The 1960s produced a lot of nonsense and mayhem: the Vietnam war, sitar music, the civil rights and immigration acts, long hair, Baby Boomers, and the Kennedy administration (for which my hard-line WASP mother's family still can not forgive American voters). To this list we must add: narrow lapels.
Narrow lapels, like skinny denim, seem to be all the rage amongst the younger set today, considered cool, trendy, Mod-ish, though I doubt even 1 in 20 American children even knows what a Mod is. Not that it matters to me. When it comes to the Mod versus Rocker debate, I was always on the side of the Punks, New Romantics, and Dandies.
I suspect some of the current narrow-lapelism is attributable to televisual programmes such as Madmen, a fictional entertainment produced by the sons and grandsons of men who were still largely societal outsiders at the time depicted in the series. It is an adolescent fantasy of what American life was like a few decades ago just prior to the revolution and Occupation, but as such it has had a remarkable influence on menswear, I think, at least where lapels are concerned.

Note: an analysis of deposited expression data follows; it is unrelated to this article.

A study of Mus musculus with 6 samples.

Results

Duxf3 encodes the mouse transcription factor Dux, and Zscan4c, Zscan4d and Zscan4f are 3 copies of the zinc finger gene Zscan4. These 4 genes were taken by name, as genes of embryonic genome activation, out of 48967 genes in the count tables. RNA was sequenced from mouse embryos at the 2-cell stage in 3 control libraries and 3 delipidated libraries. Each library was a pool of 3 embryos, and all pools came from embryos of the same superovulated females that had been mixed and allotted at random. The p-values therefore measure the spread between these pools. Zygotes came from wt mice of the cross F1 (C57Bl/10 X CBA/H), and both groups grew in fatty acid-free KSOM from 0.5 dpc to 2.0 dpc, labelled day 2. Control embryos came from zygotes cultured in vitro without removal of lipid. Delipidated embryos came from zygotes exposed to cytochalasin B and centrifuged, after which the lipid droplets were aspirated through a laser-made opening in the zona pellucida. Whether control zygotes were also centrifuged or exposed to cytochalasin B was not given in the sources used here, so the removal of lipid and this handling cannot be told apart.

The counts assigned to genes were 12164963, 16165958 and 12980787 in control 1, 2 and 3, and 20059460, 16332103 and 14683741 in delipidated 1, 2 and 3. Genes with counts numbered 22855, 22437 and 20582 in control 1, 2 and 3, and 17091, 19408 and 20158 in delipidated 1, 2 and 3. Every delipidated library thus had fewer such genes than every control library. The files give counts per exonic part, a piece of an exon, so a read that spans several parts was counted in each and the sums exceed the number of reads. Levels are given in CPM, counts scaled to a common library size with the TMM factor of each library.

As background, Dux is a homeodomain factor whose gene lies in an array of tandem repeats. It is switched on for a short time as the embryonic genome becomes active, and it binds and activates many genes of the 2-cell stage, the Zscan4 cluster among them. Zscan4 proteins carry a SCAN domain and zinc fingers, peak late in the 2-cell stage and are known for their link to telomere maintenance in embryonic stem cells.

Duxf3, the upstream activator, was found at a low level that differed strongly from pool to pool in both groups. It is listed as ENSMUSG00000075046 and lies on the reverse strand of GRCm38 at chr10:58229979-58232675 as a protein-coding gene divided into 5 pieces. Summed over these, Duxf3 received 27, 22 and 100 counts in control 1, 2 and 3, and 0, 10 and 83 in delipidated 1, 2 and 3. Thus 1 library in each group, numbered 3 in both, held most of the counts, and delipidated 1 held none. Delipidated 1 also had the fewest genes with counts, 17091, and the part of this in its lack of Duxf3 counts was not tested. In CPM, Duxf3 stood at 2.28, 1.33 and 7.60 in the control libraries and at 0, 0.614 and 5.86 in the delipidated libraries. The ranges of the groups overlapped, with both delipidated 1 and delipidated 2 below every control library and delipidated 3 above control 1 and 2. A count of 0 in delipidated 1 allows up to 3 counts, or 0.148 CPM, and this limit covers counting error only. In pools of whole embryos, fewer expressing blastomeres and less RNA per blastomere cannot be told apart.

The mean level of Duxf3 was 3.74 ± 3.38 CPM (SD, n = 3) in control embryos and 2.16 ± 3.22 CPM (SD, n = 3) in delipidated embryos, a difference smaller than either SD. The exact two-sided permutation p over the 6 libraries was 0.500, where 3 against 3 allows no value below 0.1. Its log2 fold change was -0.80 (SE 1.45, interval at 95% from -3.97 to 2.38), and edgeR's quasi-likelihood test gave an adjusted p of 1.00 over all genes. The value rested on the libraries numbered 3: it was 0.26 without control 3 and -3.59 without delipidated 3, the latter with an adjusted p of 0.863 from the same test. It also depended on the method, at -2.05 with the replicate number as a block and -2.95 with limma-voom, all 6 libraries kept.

You might be interested to know I recently performed a quantitative analysis of my own lapels, using a sample consisting of the seven (7) suits I wear most frequently: Brooks Brothers, Southwick, H. Freeman & Sons, Corneliani, and Hickey Freeman. The resulting lapel widths are as follows:
(4) 3.75 (H. Freeman)
(7) 4.00 (Southwick)
*Measurement system: Imperial Units (inches)
So there we have it. The mean width is 3.50" with a standard deviation of approximately 0.27". That seems about right. Anything narrower and one risks looking like a desperate extra from a Madmen set, or a club-kid fresh from the local disco.
Moderation is the key to virtue, as Aristotle tells us, so it is important to avoid both skinny and fat lapels. Keep to the middle path.
I would be interested to know about other lapel experiences. What's in your closet?